The nonprofit Kids Rethink New Orleans Schools has held a youth-led press conference every summer since 2006. Middle- and high-school students talk about their concerns and priorities for the city. The group's mission is training young people to be thoughtful and capable leaders by transforming the education system.
Thursday, for the first time, the students of Rethink will call for a citywide youth day of action.
Summer is in full swing, but that doesn't mean New Orleans schools are not on the minds of many people. As the city continues to reform and reshape public education, WWNO seeks to highlight teachers who bring unique talents and perspectives to their work. We'll feature one such educator each month.
Jefferson Parish public schools have agreed to make changes to end a federal investigation into discrimination against English-language learners. The U.S. Department of Justice brokered the agreement, along with the Department of Education.
Jessica Williams is an education reporter at NOLA.com / The Times-Picayune. She says the agreement requires that Jefferson parish make a number of changes.
STEM stands for science, technology, engineering and math, and it’s quite the buzzword these days in the education world. Teachers are looking at ways to encourage their students to be more math-oriented. For one program in New Orleans, the solution is to start introducing math early — as early as preschool.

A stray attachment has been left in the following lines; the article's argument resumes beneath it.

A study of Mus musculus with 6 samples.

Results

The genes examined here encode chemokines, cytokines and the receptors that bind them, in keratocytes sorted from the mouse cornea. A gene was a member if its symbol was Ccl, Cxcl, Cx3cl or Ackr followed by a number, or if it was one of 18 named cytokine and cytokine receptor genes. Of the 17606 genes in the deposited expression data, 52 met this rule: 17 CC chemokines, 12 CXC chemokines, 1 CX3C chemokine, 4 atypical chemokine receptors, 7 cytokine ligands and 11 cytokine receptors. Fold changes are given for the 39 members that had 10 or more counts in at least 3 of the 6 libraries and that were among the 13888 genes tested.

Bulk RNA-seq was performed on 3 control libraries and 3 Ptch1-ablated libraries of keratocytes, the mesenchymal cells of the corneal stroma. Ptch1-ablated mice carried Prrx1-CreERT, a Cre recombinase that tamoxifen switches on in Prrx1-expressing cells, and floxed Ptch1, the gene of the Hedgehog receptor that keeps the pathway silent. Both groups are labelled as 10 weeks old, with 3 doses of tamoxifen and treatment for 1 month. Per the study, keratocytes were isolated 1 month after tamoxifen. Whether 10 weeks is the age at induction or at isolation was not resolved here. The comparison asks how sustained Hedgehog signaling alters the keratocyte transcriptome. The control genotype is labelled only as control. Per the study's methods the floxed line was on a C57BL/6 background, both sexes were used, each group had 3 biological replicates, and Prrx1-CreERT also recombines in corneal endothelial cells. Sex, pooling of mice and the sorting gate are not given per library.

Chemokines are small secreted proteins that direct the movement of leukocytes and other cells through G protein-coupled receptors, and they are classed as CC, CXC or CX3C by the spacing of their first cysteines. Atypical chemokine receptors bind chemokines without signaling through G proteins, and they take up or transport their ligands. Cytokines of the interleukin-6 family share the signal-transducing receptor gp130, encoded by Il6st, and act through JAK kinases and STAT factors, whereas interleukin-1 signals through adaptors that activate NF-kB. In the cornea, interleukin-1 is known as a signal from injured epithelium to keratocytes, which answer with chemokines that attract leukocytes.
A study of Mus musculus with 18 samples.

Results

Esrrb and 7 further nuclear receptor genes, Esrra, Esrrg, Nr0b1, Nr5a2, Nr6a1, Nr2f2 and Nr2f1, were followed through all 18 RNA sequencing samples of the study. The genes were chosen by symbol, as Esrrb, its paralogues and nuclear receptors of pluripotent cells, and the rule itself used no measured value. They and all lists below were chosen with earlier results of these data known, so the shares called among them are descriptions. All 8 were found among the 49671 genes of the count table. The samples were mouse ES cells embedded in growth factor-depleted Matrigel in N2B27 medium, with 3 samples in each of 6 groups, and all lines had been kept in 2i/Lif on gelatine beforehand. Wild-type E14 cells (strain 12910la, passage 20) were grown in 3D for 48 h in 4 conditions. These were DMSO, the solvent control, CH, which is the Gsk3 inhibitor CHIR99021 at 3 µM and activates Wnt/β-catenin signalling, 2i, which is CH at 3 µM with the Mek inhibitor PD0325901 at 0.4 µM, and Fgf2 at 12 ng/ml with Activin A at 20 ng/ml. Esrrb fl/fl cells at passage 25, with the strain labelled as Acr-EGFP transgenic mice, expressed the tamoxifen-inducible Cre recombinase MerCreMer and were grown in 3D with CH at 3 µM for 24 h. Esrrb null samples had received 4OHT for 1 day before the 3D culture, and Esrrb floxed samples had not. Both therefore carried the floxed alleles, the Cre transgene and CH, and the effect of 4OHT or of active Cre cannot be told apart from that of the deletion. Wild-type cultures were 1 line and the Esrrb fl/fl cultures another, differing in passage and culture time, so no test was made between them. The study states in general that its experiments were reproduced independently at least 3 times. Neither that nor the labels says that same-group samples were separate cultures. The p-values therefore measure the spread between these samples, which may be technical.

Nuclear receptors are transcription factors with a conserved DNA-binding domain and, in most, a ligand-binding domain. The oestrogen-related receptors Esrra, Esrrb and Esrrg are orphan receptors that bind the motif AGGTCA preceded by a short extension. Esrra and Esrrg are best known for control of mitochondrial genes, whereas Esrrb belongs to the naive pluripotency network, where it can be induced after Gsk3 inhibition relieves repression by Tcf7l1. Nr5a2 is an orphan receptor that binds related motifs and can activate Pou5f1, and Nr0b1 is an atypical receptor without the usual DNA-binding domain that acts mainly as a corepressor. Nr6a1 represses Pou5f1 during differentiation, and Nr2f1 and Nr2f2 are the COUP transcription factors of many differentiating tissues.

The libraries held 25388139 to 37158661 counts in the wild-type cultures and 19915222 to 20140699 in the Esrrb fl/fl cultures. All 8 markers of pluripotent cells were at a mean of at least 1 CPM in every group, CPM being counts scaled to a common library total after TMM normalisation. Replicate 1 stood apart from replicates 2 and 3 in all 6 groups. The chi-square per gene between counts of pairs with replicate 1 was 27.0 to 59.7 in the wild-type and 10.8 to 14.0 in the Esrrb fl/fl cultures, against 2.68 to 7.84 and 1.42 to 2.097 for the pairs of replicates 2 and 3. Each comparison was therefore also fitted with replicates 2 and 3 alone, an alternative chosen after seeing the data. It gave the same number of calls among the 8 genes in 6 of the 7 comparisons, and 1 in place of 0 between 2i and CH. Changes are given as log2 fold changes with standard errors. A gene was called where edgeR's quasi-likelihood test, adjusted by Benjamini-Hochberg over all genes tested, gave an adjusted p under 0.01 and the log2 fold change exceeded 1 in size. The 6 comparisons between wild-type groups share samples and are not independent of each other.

New Orleans restructured its schools system after Hurricane Katrina. That’s meant rebuilding a sense of community and school spirit through new traditions. One young woman dedicated her efforts to create a legacy by becoming her high school’s first student mascot.
As the school year ends, education writer Sarah Carr sought a different approach to perspectives on schools.
She asked the students themselves to write opinion pieces on controversial topics: Discipline in schools, Teach for America teachers versus veteran educators, whether all students should go to a four-year college, and school desegregation.
Teenagers at the Bard Early College program submitted their thoughts, and The Hechinger Report has been publishing these essays.